Put simply, it is the ability to deliver emails to subscribers’ inboxes. It is a metrics most email senders use to gauge the likelihood of their email campaigns reaching subscribers’ inboxes. Email delivery, on the other hand refers only to whether or not a receiver accepts your email (i.e. does the email address exist?). Factors contributing to email deliverability include things like internet service providers (ISPs), email service providers (ESPs), formats, engagement, and sender reputation.
As email providers begin to institute new privacy protection policies for their email users and their inboxes, how does that impact the email deliverability of emails sent using Anthology Encompass? While we don’t have all the answers, we do have several thoughts and ideas to help provide some perspective on email deliverability.
What You Need to Know
This is an Industry Change
Email service providers across industries are being challenged to think about email deliverability differently. This is not unique to Anthology, or to higher education. Learning to adapt to change is something that we do well in the technology space and we believe that we will adapt and find creative solutions for engagement moving forward.
Consumers care about their privacy
Consumers are becoming more aware of how their information and data is tracked, stored, and used for marketing purposes. Email deliverability is only one piece of a broader conversation around online marketing and advertising best practices. Anthology is committed to compliance while providing the best service and tools to our institutional partners.
Apple is Not the First
Apple’s announcement of Mail Privacy Protection has attracted a lot of attention to the topic of email deliverability. But the email industry has been moving in this direction for a while with other providers already implementing similar privacy policies. At Anthology, we are focused on adapting to these changes and invite you to join us.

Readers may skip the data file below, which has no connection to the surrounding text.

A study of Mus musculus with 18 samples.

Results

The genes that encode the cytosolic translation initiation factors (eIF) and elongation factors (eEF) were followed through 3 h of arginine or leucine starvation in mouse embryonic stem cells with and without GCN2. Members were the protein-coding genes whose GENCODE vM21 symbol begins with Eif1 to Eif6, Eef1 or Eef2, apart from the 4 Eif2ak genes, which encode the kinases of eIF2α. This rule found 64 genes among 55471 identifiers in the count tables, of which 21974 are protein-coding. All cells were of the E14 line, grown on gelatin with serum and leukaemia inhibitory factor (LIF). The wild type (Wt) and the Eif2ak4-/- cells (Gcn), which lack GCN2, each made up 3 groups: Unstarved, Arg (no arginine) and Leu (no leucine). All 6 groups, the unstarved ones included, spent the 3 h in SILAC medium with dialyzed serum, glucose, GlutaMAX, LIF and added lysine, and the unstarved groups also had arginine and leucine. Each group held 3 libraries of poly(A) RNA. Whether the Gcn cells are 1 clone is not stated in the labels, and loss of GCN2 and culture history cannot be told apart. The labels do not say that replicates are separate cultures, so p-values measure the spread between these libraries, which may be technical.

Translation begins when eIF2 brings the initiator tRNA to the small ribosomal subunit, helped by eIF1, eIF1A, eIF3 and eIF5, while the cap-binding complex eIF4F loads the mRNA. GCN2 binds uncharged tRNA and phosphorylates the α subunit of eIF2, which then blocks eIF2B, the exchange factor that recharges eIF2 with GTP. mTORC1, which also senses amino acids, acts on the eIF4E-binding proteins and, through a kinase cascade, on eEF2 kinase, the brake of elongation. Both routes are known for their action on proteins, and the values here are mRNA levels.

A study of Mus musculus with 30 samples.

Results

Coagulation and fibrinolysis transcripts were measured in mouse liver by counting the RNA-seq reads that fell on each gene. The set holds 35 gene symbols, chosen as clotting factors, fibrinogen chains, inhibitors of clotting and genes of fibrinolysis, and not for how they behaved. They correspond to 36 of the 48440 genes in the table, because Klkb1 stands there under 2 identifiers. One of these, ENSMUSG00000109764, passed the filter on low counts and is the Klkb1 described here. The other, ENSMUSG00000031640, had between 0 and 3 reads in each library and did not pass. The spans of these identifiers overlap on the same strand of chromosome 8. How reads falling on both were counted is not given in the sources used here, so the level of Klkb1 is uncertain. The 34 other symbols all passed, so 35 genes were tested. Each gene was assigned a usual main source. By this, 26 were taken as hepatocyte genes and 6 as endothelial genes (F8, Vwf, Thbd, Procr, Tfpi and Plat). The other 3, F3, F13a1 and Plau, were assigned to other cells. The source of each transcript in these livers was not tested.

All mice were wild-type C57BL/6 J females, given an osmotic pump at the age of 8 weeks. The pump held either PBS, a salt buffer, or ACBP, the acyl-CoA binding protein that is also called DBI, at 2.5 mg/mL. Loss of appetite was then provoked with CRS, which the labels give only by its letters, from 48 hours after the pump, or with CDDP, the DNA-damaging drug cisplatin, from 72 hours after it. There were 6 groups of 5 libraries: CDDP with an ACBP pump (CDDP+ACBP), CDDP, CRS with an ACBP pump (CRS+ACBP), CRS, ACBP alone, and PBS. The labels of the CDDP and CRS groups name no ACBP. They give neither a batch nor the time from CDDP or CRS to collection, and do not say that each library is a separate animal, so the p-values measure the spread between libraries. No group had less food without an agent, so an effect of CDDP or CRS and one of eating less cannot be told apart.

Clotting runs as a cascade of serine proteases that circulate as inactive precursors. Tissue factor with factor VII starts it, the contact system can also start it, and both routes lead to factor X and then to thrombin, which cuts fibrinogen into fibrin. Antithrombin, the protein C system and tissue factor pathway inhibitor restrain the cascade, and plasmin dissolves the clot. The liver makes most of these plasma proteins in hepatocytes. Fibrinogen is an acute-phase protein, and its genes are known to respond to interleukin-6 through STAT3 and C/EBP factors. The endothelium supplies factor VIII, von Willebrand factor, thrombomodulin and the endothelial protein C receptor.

Open Rates are Not the Only Metric
Industry experts say that open rates are becoming increasingly inaccurate, but most senders still rely on this metric because of how easy it is to measure and quantify. Given the change in email client privacy policies, the open rate is likely no longer a valid indicator of success. It is important to look at the broader picture and incorporate other metrics to measure campaign effectiveness. For example, metrics focusing on interactions that constituents make in response to messages are a better indicator of the messages’ success (i.e. the initial click rate, and initial number of clicks, as well as conversions to registrations or donations).
What is the impact of the iOS and similar changes?
For users, who choose to activate the Mail Privacy Protection after upgrading to iOS 15, it will appear to them that they are opening every email regardless of the action they are actually taking. Apple is remotely activating the tracking pixel that indicates an open for every message for Apple Mail users. Therefore, the open rate on communications will increase. Note that this does not impact people who use Gmail or another mail app on their iOS device.
How do I evaluate email communications?
As indicated above, there are other metrics that should be used instead of the open rate, such as the click-through rate or conversion rate. However, if you are still being asked to use the open rate as an indicator, be sure to compare open rates to other recent communications (i.e. those following the Mail Privacy Protection changes which first rolled out in the fall). In comparing open rates for all clients between January 1, 2021 and April 30, 2021 and the same time in the 2022 calendar year, open rates have increased by about 15%.
Build Your Sender Reputation
To get your email campaigns into inboxes, you need a good sender reputation. This is something that is built and maintained over time and should be considered when designing any email campaign. Below you will find areas of focus to help improve your reputation.
Clean & Engaged Audience
Regularly review and clean your list of unengaged subscribers, unknown users, and bad email addresses.
The Right Number
Sending too many emails could be considered “spammy” and often leads to more unsubscribes.
Avoid Hard Bounces
A hard bounce occurs when an email address doesn’t exist. ISPs factor hard bounces into sender reputation.
Provide your subscribers with valuable content that they want to read and engage with. Use segmented campaigns to help deliver more relevant content to distinct audiences.
Clear Calls to Action
Your sender reputation improves the clicks and replies you receive. Provide clear CTAs to encourage your audience to engage.
Improve your email performance by analyzing send times, subject lines, and content for optimal results.